Whether you work at a book store, a coffee shop, a restaurant, or any other kind of business, at one time or another, you’ve probably asked, “How can I tell if the money I’m spending on marketing is actually driving an increase in sales?”

That’s a common question. After all, if you spend $1.00 on marketing, it should generate more than $1.00 in sales, right? The problem is that many people are confused about how to calculate the return on investment (ROI) of a marketing campaign.

The good news is it’s not all that hard to calculate the ROI of a marketing campaign. All you have to know is some basic math.

With all that in mind, let’s take a look at a few key things you should know in order to figure out whether your last marketing campaign generated a positive ROI.

Laying the foundation for a return on your investment

Broadly speaking, there are only two different kinds of marketing campaigns most businesses run. The first is a branding campaign, and the second is a direct response campaign.

A branding campaign is one that builds awareness for your business, but doesn’t necessarily have a specific mechanism to track the success or failure of the campaign.

For example, if you’ve ever run a radio, TV, or outdoor campaign, the odds are you were probably running a branding campaign because there wasn’t a coupon tied to the radio, TV, or outdoor board. In other words, there was no mechanism in place to directly tie the campaign to a sale at your store. (That’s not to say branding campaigns aren’t valuable – they are. It’s just to say that it’s harder to track specific increases in sales directly back to a branding campaign.)

An alternative to a branding campaign is a direct response campaign. Direct response campaigns use print, direct mail, flyers, or digital ads (for example, Facebook, ADWORDS, banner ads). They typically have a tracking mechanism in the form of a coupon or a discount code. When someone redeems the coupon, you’re able to track the redemption back to the campaign you’re running, so the calculation is much easier.

Now that we’ve covered the difference between a branding campaign and a direct response campaign, let’s take things a step further and talk about how to measure the specific results.

Taking your ROI calculation to the next level

Of course, the easiest way to do an ROI calculation is to determine how much you spent running the campaign and then compare it to the amount of revenue generated by the campaign.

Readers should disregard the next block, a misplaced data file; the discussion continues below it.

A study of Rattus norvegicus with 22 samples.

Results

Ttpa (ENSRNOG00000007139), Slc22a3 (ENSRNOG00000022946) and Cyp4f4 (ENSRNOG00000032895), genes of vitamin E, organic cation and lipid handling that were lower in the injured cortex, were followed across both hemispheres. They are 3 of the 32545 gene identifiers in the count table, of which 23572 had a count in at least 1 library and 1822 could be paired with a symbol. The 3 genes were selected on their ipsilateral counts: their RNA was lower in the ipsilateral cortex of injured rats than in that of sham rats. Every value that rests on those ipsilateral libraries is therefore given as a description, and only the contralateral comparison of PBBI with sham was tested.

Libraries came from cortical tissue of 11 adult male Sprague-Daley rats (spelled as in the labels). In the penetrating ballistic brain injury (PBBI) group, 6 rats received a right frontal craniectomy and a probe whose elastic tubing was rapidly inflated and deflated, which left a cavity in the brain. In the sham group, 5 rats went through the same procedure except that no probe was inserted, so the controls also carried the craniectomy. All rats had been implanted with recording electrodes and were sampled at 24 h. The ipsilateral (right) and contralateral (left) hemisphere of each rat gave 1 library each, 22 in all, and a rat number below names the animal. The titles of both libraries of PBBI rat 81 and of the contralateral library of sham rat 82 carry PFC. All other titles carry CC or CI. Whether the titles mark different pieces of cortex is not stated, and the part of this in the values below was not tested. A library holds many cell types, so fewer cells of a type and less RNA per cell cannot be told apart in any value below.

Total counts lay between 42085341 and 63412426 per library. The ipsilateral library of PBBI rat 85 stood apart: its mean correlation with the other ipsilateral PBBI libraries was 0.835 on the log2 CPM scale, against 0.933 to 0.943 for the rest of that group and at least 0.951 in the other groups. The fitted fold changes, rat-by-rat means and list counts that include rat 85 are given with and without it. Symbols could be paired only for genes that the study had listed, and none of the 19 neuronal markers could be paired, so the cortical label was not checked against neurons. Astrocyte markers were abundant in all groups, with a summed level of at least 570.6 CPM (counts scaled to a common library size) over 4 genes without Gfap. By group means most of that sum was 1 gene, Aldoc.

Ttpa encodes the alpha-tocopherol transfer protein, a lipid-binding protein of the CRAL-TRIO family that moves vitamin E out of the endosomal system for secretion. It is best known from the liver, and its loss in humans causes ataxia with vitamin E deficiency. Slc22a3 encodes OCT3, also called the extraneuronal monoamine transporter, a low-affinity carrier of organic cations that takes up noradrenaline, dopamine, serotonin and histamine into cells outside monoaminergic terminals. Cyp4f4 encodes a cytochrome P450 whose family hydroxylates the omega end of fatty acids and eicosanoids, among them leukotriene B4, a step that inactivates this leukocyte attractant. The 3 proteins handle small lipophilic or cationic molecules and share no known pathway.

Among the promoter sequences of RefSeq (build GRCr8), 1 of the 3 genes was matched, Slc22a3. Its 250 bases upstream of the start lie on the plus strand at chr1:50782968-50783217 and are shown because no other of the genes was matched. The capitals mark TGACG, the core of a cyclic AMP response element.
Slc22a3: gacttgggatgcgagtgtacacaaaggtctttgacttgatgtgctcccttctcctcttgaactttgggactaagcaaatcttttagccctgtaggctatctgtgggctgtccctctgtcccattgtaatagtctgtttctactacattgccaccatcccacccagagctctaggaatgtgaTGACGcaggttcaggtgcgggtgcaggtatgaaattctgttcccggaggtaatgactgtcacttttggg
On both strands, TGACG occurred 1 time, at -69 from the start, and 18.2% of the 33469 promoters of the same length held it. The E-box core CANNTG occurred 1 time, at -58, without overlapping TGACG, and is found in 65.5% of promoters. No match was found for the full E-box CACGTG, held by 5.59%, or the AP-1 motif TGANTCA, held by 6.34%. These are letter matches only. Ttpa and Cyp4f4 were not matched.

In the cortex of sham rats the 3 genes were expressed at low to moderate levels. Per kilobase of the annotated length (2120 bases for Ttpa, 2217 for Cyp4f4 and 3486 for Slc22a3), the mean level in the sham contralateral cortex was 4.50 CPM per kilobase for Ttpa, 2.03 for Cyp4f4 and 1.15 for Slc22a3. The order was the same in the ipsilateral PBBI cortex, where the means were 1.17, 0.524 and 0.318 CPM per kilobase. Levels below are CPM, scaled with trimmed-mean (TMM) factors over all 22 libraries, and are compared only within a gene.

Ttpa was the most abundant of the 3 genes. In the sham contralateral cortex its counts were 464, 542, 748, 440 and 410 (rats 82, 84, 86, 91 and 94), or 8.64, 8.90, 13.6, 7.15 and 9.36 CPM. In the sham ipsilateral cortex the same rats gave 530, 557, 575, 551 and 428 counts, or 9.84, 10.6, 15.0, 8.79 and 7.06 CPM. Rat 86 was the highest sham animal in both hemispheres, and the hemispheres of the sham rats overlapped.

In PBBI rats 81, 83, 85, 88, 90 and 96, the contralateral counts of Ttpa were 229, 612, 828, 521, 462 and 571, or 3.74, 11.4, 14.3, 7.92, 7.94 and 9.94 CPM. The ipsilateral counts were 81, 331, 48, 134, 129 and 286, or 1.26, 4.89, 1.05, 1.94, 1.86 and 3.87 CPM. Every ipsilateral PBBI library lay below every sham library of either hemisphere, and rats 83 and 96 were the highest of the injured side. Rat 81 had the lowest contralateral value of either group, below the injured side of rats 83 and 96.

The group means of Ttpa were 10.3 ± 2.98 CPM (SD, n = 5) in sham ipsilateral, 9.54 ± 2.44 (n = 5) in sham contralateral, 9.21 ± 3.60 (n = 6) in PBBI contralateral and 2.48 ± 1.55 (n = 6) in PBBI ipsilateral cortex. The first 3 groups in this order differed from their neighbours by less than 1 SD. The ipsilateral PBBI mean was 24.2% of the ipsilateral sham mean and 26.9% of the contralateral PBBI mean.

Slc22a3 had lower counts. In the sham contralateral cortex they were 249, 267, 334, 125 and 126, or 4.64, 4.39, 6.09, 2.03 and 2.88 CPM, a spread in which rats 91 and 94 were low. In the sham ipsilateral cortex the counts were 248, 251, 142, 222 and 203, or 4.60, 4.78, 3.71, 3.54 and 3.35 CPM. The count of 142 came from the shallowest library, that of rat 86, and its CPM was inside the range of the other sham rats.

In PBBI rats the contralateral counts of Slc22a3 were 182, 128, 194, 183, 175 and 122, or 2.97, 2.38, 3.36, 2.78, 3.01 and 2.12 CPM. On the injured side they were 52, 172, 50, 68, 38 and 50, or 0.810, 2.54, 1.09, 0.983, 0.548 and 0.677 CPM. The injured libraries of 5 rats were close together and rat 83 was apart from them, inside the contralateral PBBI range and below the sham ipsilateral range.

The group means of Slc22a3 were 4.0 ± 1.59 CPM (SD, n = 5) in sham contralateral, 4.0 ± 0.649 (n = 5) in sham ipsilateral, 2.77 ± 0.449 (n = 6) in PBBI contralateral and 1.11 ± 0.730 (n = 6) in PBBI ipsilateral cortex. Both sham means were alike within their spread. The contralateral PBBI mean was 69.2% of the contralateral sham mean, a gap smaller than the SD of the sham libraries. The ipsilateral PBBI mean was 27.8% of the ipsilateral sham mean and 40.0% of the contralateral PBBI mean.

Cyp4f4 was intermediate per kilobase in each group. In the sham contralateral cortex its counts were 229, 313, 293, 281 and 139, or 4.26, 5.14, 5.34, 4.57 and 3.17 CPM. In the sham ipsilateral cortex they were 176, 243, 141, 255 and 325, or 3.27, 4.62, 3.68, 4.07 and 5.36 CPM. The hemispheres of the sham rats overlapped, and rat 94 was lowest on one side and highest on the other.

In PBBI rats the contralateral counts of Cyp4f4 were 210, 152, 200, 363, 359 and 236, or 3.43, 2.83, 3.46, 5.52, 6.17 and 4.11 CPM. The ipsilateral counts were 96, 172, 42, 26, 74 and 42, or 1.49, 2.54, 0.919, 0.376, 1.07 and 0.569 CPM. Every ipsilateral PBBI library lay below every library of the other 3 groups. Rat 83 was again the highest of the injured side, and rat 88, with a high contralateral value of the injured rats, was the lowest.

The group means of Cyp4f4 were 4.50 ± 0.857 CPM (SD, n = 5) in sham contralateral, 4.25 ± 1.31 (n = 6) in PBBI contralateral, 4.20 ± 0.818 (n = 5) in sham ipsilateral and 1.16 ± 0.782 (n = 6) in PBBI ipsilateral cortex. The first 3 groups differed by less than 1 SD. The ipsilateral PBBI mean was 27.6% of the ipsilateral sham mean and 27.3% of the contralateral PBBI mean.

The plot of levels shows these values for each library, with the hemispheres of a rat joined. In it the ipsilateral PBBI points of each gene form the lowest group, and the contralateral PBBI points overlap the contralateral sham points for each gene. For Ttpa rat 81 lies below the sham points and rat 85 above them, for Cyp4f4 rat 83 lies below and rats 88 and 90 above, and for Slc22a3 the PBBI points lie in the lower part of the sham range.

As mentioned, this is much simpler to do when you’re doing a direct response campaign that uses a coupon or discount code. If you spent $1,000 on the campaign, and generated at least $1,001 in revenue, then the campaign paid for itself. Of course, ideally you would want your campaign to generate $2,000 or $3,000 in incremental revenue, but anything above $1,000 can be seen as a success.

Here’s a twist: what happens if you spent $1,000 and it only generated $900 in revenue? You might think it was a waste of time, but the truth is that a campaign that loses money might still be an effective campaign.

How? Because for every 10 people who come in as a result of the campaign, 2 or 3 of them are going to be entirely new customers. That means you’ve increased your customer base, which is sort of like stocking a pond with extra fish – you’ve just made it easier to catch one.

Out of those 2 or 3 new customers, you can count on at least 1 of them coming back for more visits in the future. When they come back in the future, they spend more money. The added value of a returning visit is often overlooked when people calculate the success or failure of their marketing campaigns.

But wait, it gets even better. Some of the people who visit your store as a result of your campaign will refer their friends to your business. In other words, after they visit your store, they’re going to mention it to a friend or family member who might also visit your store.

That’s called referral value, and it’s a great way to understand why spending $1,000 in marketing that only generated $900 in revenue initially can actually be seen as a success in the long run.

How to get more customers to come back more frequently

If you’re like most business owners, when a customer walks through your door, your primary focus is on getting that customer to feel as welcome as possible and to buy something in the process.

But what if you could get a keen understanding of the consumers in your area BEFORE they entered the store? Would that help you do a better job in your product selection or marketing efforts?

Of course it would.

The good news is that there are foot traffic tools available that can help you learn more about your customers and prospects before they even enter the store.

In the meantime, feel free to use some of the information we shared in this blog post to calculate whether or not your marketing campaign is generating a positive ROI. After all, there’s no point in running a campaign if it’s not going to help you grow your business, right?

Learn how to confront and solve seven of the most common problems all retailers face with this free eGuide from SAP. 

Blog originally published on SAP Digital.